5 Revelations From The New ‘Die Hard’ Oral History That You Probably Didn’t Know
You need to know these facts about “the greatest action movie of all time.”
In case you haven’t downloaded your copy of the Amazon Kindle Single Die Hard: An Oral History yet (seriously, what’s stopping you?), it’s a really fascinating read, as far as reading goes, anyway. Author Brian Abrams manages to put 40 studio execs, producers, and cast members into headlocks and get their stories about the making of what’s arguably the greatest action movie of all time — not to mention details about Bruce Willis’ origins as a Manhattan bartender and the famously toxic relationship between action movie moguls Lawrence Gordon and Joel Silver, who collectively are responsible for 48 Hrs., Lethal Weapon, Predator and The Matrix.
But, again, you’d have to hop down that elevator shaft on your own to get the gist of it. There’s really too much in here to share, but read our lazy laundry list of five items that we had no idea about, thanks to this engaging e-book of 21,000 words.
1. In the early ‘80s, Willis was a barkeep known simply as “Bruno.”
“Bruno,” as patrons at Manhattan’s chic (and now-defunct) Café Central on the Upper West Side, used to play the harmonica in between shaking tumblers and would rub elbows with future big-screen colleagues. “Bruce was no punk,” says Café Central owner Peter Herrero. “He knew where he was going, and he wouldn’t let things get in the way. I never called him ‘Bruno.’ I just called him ‘Bruce.’ He was funny. I didn’t try to make people who worked for me into somebody else.”
2. The script for ‘Die Hard’ was based on a depressing book from the 1970s called “Nothing Lasts Forever.
And the hero in Roderick Thorpe’s humorless novel was a 48-year-old retired cop named Joe Leland who was going to visit his daughter in Los Angeles for her company’s Christmas party. (Unlike when John McClane saves his wife at the end, in the book the daughter ends up falling off the roof with the head terrorist.)
3. The screenwriter dreamed up the character of McClane after he had a near-death experience.
Writer Jeb Stuart got in a fight with his wife after leaving the house to write the script when, suddenly, on the L.A. freeway he thought he had met his maker. “As I was driving down the 134, that’s when a Frigidaire box fell out of the truck in front of me,” Stuart said. “I can still imagine my heart stopping … but the box was empty. It flattened. I pulled over to the side of the road, and suddenly I thought, “I know what this movie is.
“It’s not about a 65-year-old man whose 40-year-old daughter gets dropped off a building,” he continued. “It’s about a 30-year-old guy who should have said he’s sorry to his wife, and then bad stuff happens.”
4. Reginald VelJohnson’s Sgt. Powell was almost played by…Robert Duvall?
Casting director Jackie Burch recalls multiple conversations with producers about how director John McTiernan wanted Duvall to play the jovial walkie-talkie counterpart to McClane. “I’m in there saying, ‘I’m the only woman in the room, and I’m telling you it’s Reginald VelJohnson. He’s someone I’ve hired before. He’s the nicest man you’ll ever meet, and you need him just the way Bonnie Bedelia is an asset for Bruce.’ Everyone around Bruce just grounded him more because, you know, he could be cocky … So having her on one side and Reginald on the other was really good chemistry and the right match for Bruce.”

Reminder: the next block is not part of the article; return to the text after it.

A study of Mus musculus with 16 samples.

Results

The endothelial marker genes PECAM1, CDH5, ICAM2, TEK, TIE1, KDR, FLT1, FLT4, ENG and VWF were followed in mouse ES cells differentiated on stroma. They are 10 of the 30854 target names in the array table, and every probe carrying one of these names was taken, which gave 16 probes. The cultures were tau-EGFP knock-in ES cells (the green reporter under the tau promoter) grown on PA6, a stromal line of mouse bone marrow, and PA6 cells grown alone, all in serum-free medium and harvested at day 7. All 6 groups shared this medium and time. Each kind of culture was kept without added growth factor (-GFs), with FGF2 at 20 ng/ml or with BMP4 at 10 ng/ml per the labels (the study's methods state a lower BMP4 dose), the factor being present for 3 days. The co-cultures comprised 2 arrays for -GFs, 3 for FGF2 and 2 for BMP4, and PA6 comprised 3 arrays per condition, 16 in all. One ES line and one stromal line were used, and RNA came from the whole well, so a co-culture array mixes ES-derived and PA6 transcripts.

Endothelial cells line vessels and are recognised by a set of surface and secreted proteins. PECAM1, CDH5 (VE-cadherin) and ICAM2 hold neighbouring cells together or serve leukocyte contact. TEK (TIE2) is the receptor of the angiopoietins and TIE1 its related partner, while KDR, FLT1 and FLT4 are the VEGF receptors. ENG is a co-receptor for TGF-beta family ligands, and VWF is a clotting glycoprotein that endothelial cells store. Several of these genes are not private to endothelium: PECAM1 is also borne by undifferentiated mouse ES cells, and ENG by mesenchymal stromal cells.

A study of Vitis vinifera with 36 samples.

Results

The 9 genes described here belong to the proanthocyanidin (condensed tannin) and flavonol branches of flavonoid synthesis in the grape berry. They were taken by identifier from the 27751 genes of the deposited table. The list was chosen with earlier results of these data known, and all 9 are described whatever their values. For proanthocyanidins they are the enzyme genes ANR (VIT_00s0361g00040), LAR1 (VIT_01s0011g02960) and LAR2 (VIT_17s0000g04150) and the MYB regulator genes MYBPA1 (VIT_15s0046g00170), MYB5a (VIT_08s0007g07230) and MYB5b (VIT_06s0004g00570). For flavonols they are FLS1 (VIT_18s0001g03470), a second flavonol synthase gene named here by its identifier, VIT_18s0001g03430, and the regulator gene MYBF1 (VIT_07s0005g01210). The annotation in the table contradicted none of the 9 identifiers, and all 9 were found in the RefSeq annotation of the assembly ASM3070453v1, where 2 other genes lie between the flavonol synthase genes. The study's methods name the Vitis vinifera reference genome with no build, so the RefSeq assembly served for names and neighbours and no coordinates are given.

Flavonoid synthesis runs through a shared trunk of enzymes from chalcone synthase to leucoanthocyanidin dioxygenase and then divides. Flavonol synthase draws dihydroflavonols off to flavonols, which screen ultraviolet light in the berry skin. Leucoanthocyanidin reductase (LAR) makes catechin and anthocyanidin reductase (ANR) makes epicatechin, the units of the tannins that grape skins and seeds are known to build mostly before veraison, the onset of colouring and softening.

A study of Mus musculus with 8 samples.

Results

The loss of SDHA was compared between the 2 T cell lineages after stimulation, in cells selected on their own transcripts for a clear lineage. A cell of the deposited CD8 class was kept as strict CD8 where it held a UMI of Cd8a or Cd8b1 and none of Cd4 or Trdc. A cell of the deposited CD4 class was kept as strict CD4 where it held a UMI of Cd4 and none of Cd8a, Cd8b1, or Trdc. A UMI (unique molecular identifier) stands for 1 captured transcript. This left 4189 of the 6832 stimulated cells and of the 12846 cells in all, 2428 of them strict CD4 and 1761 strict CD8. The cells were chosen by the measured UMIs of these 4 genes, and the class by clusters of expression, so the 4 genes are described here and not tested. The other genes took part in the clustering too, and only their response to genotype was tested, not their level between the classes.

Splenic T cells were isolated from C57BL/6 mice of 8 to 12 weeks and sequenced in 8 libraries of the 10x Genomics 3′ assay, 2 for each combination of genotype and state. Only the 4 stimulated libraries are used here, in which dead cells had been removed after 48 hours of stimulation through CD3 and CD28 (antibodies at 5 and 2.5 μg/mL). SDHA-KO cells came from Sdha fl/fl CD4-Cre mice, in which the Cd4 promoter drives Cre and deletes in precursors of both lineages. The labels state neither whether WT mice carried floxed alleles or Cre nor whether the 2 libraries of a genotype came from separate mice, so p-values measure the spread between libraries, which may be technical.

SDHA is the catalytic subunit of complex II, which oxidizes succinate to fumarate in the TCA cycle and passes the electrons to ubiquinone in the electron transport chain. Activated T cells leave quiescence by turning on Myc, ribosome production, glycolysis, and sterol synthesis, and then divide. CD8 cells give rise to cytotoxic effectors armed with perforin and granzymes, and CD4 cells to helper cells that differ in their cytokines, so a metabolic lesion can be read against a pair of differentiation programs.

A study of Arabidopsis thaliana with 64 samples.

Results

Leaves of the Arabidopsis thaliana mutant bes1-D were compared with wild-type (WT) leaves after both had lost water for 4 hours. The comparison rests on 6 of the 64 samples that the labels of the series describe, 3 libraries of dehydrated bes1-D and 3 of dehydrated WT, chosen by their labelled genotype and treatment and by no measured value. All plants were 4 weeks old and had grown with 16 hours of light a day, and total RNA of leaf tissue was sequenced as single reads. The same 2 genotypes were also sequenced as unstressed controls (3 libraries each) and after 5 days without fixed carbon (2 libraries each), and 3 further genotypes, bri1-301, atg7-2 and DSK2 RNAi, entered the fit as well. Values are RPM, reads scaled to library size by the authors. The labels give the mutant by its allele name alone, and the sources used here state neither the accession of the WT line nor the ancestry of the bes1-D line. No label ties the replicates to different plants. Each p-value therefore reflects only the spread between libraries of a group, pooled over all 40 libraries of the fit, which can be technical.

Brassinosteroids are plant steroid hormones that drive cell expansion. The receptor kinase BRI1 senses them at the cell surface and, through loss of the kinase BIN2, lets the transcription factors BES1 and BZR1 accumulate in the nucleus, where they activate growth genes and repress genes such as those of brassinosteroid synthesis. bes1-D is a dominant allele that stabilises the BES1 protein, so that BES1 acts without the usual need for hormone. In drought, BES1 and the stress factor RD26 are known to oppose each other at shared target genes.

McTiernan doesn’t remember pushing for Duvall: “I think I was hoping for Larry Fishburne.”
5. Willis thought his movie career was over, but his agent ended up making an unheard of $5 million deal.
Willis was kinda on the down-slope of his starring role in the ABC series Moonlighting. He had one movie under his belt, Blind Date, which did well at the box office (March ’86), but critics hated it. And he was working on his second movie at the time called Sunset, which everyone in the hallways of TriStar referred to as a “career-tainting bomb.” But Willis’s agent Arnold Rifkin was able to land an amazing deal for his client, because all the other leading men in Hollywood thought the script for “Die Hard” was just another forgettable shoot-em-up.
“They went to Arnold,” remembers screenwriter Steven E. de Souza. “They went to Sly [Sylvester Stallone], who turned it down. They went to Richard Gere — turned it down. They went to James Caan — turned it down. They went to Burt Reynolds, and all of these people rejected it because, remember, this is 1987. You had all these Rambo movies. We’ve had “Commando,” “Predator,” and in the wake of all of these, the hero, they said, was like a pussy. The reaction? ‘This guy’s no hero.’ Right? In desperation, they went to Bruce Willis.”
Read about the negotiations between Rifkin and 20th Century Fox, among other unknown gems, in Die Hard: An Oral History at Kindle Singles.